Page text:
Croatia has again been accused of not doing enough to hand over suspected war criminal General Ante Gotovina to the war crimes tribunal for the former Yugoslavia in the Hague. However, the tribunal chief prosecutor says she hopes he will be in custody by June. The issue came up at the European Union foreign ministers meeting in Luxembourg Tuesday.
The EU in March delayed entry negotiations with Croatia because it was not doing enough to hand over the fugitive general. It formed a task force to follow the issue, and Carla del Ponte, the war crimes tribunal chief prosecutor, briefed the group.
"I explained this afternoon to the task force why the Croatian authorities are not fully cooperating with the Tribunal, and with the office of the prosecutor," she said. "And I gave all the details about the networks which are protecting within the state institutions. I told them that there will be full cooperation when Croatian authorities have brought Gotovina to the Hague or they have indicted the whereabouts of Gotovina."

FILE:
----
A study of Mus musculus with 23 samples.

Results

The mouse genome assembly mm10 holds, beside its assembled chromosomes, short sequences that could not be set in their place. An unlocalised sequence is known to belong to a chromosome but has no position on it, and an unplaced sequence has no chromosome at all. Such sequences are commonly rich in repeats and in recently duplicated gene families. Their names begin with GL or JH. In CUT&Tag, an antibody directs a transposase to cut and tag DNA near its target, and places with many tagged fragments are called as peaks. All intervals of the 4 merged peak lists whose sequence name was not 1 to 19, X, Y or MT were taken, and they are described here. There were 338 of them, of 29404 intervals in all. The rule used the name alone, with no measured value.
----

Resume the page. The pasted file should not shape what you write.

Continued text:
|Posters with photo of fugitive General Ante Gotovina and word 'Croat', seen at entrance of Union of Croatian Veterans of homeland war office in Zagreb|
"All our information that we receive is that he is still in Croatia, and moving from time-to-time to Bosnia Herzegovina in the Croatian part," she said. "So Gotovina is in the reach of Croatian authorities. And we hope really that Gotovina will be very soon, very soon, in the Hague."
Croatian Prime Minister Ivo Sanader, for his part, again said that General Gotovina is not in Croatia. He also revealed that he presented a six-point plan to the EU task force to deal with the dispute, but he would not give any details. He also would not speculate on when the EU accession talks might start, but said he is hopeful things will be worked out.
"I am sure that in the coming months we can show, not only our readiness but also our firm determination to resolve this last remaining issue," he said.
General Gotovina disappeared in July 2001 when he was indicted for killing Serbian civilians during an offensive against Serbian rebels in 1995. At the same time, he is seen by many Croatians as a hero of their 1991 to 1995 independence war. Croatian leaders have repeatedly said they are doing their best to find him and that he is not in Croatia.
Ms. del Ponte says she hopes General Gotovina is in custody before June, when she has to make her next report to the Security Council.